I found myself in far away from home and no specific church assignment awaiting me for ministry. I searched the Yellow Pages and picked out a church to attend. I knew I did not want to go to a church where everything depended on whether the sermon was good or bad. Chances were, based on what I discovered in the phone book, much of the preaching would have probably left a great deal to be desired. I opted for liturgy, thinking as I did, “At least we will likely read Scripture, say some significant congregational prayers, and remain rooted in the Trinity,” I reasoned as I made the choice to attend a Lutheran Church (ELCA) congregation. This particular church had served in the old downtown area for more than 150 years. The place simply breathed history and community. I loved it.
I was not disappointed about the liturgy on the whole. It was rich and followed the basic patterns of Christian worship for centuries. We renounced evil, professed faith, Said the Apostle’s Creed together. We even witnessed a baptism that was quite well done. The prayer of the day was solid and the Scripture readings were from Daniel 12:1-3, Hebrews 10:11-25 and Mark 13:1-8. We even sang Psalm 8!
But the sermon, that was another story. The pastor preached for about ten minutes, if you could call it preaching. There wasn’t a shred of gospel in his message. Come to think of it there was no law either. It was an appeal to the flock to turn in their “talent inventories” for service to the church in the coming year. The sermon was about “expectations.” The only Scripture cited was Hebrews 10:24, (“provoke one another”) and that in an oft-handed way. What you check today is more than a job to be done, it is about building up the community in the love of Jesus. The pastor told us the cure for exhaustion was “wholeheartedness.” I’m still not sure what he meant but it could be me. I am pretty wholehearted myself but I am also exhausted far too often for my own spiritual good. Not much help in this “bit of wisdom” he called it. We were also told to “listen to what excites you” and respond accordingly. But when I listen to what excites me I get into more exhaustion. I guess I missed that point too. All in all it was a bleak experience.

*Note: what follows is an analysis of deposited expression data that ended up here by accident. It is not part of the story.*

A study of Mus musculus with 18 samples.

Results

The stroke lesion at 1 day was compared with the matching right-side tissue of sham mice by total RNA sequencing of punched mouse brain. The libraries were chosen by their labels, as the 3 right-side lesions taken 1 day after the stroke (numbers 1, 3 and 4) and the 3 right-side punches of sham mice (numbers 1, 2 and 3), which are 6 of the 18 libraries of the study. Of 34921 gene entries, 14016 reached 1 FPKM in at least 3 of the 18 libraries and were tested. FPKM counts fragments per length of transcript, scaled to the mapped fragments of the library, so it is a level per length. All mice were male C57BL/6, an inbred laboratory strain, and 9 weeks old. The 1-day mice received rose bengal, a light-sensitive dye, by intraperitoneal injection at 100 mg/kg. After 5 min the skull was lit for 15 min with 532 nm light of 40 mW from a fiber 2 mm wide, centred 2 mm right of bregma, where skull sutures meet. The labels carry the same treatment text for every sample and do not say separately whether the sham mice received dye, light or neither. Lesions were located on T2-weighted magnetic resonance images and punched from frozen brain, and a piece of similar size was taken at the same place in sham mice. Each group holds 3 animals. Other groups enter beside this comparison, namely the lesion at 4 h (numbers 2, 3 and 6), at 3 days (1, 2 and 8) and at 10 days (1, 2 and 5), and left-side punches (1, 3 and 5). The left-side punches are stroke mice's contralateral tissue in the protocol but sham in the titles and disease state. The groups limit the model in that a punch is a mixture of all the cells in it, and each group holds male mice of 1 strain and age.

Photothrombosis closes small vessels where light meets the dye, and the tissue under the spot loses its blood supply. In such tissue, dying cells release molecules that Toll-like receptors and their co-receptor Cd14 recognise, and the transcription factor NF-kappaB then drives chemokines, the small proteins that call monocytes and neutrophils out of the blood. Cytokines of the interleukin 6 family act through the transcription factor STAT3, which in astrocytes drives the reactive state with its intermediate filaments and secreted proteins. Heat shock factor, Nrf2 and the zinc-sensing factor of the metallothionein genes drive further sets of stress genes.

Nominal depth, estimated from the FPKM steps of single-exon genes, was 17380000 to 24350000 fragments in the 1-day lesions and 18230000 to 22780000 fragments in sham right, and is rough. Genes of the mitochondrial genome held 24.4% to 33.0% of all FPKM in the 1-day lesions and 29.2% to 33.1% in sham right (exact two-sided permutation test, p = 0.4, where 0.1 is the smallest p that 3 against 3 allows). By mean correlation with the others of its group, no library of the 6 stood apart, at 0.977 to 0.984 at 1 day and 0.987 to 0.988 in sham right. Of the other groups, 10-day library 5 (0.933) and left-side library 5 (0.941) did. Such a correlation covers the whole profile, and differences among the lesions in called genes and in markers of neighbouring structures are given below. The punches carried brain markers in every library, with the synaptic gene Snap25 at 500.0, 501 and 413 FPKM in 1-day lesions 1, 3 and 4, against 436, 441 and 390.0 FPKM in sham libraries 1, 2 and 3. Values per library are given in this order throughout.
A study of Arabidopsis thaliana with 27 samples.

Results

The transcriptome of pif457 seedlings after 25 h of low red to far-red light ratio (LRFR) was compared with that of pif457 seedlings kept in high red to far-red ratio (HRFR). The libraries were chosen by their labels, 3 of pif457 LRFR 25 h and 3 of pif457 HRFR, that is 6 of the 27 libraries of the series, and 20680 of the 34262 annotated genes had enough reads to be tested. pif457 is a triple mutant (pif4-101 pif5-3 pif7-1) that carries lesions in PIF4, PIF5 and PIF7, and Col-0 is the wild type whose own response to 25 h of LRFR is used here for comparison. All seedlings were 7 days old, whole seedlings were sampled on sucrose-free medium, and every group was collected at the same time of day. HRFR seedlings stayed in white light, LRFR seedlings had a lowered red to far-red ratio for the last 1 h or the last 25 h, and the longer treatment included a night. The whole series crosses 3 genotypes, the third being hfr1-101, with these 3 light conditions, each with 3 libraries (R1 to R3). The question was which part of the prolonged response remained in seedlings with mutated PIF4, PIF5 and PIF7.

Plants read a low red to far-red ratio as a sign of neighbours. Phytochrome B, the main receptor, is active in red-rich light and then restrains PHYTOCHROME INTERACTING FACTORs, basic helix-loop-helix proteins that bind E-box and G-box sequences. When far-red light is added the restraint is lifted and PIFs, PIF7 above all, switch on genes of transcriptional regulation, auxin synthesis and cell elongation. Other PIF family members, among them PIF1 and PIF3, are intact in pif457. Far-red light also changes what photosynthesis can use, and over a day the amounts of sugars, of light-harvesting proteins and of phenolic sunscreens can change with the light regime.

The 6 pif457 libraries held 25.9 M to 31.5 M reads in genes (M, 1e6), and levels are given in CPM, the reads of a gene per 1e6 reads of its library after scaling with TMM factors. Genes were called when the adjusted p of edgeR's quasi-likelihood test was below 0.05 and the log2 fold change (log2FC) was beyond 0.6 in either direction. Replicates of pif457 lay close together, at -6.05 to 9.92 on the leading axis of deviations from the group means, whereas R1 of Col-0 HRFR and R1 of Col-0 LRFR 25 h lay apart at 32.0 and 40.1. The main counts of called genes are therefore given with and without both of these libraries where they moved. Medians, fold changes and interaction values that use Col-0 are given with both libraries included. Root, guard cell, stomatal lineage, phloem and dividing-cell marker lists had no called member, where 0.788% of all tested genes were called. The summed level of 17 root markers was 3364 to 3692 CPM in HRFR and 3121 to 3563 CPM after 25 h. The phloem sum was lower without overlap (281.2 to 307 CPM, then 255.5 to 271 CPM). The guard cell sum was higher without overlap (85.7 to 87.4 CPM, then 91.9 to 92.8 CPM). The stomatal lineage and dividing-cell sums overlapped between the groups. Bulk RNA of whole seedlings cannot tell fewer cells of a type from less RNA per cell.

So what did I learn from my visit to a mainline Lutheran church as a guest unawares? First, without liturgy most of the people would get absolutely nothing at all. At least the theology and the prayers are still there. That is more than I can say for some “red-hot” conservative churches that talk about just about everything but the Father and the Son. Second, that these churches are dying is precisely because they don’t preach the gospel. They also fail to teach people the Bible with any passion at all. Isn’t that obvious? Apparently not to most of those who still attend such churches. (By the way not one person said “Boo” to me and I almost begged them to greet me with my frequent attempts at eye contact and my smiles, etc. Even in the men’s room there was no informal “hello.” I wonder if the talent survey had a category for friendly greeters on it?)
By the way, the “glossary” that explained the various ministries that people were urged to sign up did list evangelism as one option. Here was the definition: “This committee is concerned with welcoming, educating and bonding new members in a large congregation where visitors are hard to identify.” No wonder they missed me as a visitor. Maybe they should rethink evangelism but then if you don’t preach the gospel what on earth are you using to evangelize?
While conservative churches have tended to worship more and more like the culture, with less and less theological fabric in their liturgy, mainline churches retain some liturgy but give up preaching the gospel in many cases. I actually think my labors for renewal are more important after my visit than I did before. Maybe that was the greatest benefit of the experience.